The top of Mt Bogong in Victoria’s high country isn’t where you’d usually whip out a dustbuster, but senior botanist Neville Walsh has a pragmatic approach to plant conservation tools.
The very rare snow daphne, or Kelleria bogongensis, is a tiny, carpeting plant found only in a half-kilometre-square area on Mt Bogong. And it produces little seeds, the size of sesame seeds, that fall onto the ground between its fine leaves.
Botanist Neville Walsh collecting seeds of rare snow daphne with a dustbuster as part of a conservation program.Credit:Jan Walsh
“It [the dustbuster] was the only alternative to lying on my tummy with a pair of tweezers for weeks,” says Mr Walsh, who has worked on plant conservation programs at the Royal Botanic Gardens Victoria for 25 years.
Threatened plants like snow daphne have declined at such a rate in Australia over recent decades that the Threatened Species Recovery Hub has released a new list of the 50 species at greatest risk of extinction, and the steps needed to halt and reverse their declines.
In fact Australia has more threatened plants than mammals, birds and reptiles combined and are in even faster decline, says Associate Professor Rod Fensham of the University of Queensland. Many are “right on the brink”.
Although Australia’s flora is globally distinctive, and our threatened plants make up 72 per cent of all threatened species listed under national law, they tend to get less attention than imperilled animals.
Aside from the enigmatic Wollemi pine and a handful of orchids, there aren’t many endangered plants that capture the public imagination in the same way as fluffy koalas or rare parrots.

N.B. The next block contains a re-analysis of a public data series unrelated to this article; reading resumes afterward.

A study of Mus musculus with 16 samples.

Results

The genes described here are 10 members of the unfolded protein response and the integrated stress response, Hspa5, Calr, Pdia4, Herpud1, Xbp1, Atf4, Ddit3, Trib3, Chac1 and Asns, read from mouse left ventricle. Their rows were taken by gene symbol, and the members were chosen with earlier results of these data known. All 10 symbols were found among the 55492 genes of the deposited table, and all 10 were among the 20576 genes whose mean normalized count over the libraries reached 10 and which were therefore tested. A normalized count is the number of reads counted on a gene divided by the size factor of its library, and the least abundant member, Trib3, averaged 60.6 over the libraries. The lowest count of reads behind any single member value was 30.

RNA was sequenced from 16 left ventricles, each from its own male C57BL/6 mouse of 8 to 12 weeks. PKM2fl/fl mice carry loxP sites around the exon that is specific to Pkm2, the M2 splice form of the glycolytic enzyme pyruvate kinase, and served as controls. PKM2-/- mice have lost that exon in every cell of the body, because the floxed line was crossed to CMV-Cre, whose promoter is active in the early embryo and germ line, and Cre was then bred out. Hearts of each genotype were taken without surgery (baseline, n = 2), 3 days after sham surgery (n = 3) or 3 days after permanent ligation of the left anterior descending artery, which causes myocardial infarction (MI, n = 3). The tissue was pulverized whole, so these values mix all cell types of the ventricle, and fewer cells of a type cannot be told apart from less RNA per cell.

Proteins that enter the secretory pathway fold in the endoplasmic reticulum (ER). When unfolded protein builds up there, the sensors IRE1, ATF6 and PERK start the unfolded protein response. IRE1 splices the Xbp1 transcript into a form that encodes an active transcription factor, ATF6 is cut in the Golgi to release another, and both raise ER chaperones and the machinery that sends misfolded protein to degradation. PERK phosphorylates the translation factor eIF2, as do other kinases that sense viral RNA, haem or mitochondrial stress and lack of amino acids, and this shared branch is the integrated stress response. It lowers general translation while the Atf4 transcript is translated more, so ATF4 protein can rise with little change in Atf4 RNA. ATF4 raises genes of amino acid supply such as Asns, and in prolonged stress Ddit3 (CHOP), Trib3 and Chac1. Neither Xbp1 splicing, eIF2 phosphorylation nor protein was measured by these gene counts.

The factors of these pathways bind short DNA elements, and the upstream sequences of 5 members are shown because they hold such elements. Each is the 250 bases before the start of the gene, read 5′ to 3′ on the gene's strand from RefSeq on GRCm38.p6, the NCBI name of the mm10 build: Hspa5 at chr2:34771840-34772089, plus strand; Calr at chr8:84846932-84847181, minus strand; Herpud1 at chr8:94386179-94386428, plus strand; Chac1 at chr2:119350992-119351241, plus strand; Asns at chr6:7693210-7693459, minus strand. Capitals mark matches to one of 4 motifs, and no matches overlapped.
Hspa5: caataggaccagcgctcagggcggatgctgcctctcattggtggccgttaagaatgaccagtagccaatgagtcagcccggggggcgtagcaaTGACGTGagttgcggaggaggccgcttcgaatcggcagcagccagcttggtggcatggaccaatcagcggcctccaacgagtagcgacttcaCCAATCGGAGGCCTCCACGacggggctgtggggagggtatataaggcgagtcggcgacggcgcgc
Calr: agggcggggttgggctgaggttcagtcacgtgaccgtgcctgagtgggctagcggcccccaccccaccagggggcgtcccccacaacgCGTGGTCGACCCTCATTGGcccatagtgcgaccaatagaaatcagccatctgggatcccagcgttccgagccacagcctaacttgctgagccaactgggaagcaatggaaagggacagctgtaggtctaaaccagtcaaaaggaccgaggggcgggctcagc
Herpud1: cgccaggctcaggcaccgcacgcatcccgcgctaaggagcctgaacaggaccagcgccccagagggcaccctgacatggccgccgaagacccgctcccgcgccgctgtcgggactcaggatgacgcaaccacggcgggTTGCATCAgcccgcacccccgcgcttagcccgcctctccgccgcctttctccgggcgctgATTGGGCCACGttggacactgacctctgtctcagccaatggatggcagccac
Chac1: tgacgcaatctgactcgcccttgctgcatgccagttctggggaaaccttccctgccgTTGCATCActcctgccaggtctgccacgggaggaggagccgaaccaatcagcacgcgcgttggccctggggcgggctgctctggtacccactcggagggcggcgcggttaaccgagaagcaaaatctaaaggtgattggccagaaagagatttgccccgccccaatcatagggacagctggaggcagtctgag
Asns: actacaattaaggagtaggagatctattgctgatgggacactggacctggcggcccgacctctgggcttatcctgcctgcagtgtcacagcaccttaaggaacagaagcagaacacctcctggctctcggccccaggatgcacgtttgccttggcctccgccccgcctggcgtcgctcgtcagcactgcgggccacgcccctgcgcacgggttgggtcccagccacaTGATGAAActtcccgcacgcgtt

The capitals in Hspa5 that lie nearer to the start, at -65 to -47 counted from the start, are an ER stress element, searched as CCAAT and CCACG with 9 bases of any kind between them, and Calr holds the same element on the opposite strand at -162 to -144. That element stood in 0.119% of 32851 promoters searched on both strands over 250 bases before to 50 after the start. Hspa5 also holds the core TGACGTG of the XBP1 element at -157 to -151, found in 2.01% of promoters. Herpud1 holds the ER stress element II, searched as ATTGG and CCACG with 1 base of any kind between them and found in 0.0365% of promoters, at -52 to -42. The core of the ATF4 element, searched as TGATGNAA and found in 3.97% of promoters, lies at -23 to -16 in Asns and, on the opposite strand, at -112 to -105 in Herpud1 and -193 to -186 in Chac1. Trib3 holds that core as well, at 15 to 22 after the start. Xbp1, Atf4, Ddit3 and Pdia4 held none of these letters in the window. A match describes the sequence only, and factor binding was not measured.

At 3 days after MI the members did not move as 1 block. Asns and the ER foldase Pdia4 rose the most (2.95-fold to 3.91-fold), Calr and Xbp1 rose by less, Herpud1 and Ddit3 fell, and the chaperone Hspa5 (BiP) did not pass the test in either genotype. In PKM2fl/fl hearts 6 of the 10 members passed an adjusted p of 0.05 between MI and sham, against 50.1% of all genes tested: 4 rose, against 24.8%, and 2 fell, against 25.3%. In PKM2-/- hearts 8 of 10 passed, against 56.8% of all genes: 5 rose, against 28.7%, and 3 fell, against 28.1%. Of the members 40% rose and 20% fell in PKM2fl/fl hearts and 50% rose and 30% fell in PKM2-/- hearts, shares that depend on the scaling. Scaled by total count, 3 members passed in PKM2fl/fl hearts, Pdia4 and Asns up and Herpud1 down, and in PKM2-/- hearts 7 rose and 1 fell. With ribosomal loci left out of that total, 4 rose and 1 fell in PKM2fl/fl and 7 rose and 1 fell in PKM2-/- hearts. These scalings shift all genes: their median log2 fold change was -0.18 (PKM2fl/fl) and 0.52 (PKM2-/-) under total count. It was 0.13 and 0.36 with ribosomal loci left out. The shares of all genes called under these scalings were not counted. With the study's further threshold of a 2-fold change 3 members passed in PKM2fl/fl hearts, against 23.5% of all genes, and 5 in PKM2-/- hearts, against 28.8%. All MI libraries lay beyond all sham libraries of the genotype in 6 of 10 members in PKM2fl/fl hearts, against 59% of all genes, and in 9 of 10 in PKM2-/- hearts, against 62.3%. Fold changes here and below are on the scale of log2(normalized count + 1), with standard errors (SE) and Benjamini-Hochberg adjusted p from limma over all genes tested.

But without action many of these species are in real trouble. Five of them – the slender-nerved acacia, Stirling Range dryandra, dwarf spider-orchid, trigwell’s ruling, and Bolivia Hill rice-flower – each had less than five mature plants left in the wild at the end of 2020.
To compile the list of the 50 species most at risk of extinction, researchers reviewed all available published information and interviewed more than 120 botanists and land managers across Australia.
Co-researcher Dr Jennifer Silcock, from the University of Queensland, said Australian plants were managed by Aboriginal Australians for at least 60,000 years but since colonisation had faced a range of threats, including habitat loss, weeds and changes to fire regimes.
“Their habitats have been cleared for urbanisation and agriculture and the remnants are heavily modified and degraded,” Dr Silcock said.
Most of the action needed to prevent their extinction was straightforward but relied on long-term funding and commitment, she said.
Conservation of endangered species in the wild should be expanded and monitoring should increase where threats or declines are suspected. “We’re hoping we’ll see targeted investment because this is a clear outline to stop them from going extinct,” Dr Silcock said.
After Neville Walsh’s dustbuster successfully collected about 10,000 snow daphne seeds, half were kept at the Victorian Conservation Seedbank at the Royal Botanic Gardens and (as is the custom for important species) the other half were sent to the “mothership” – the Millennium Seed Bank at Wakehurst Place, a property of Kew Botanic Gardens near London.
The Victorian seed bank currently holds seeds from more than 1400 native Victorian species, which is about one-third of the state’s total and about half of the species considered rare or threatened in Victoria.
Seed banks are an insurance policy, and allow researchers to better understand the biology of seeds, many of which have idiosyncratic cues they need to receive before they germinate, says Mr Walsh. “The purpose of it is to work with conservation programs to get plants back out there in the wild.”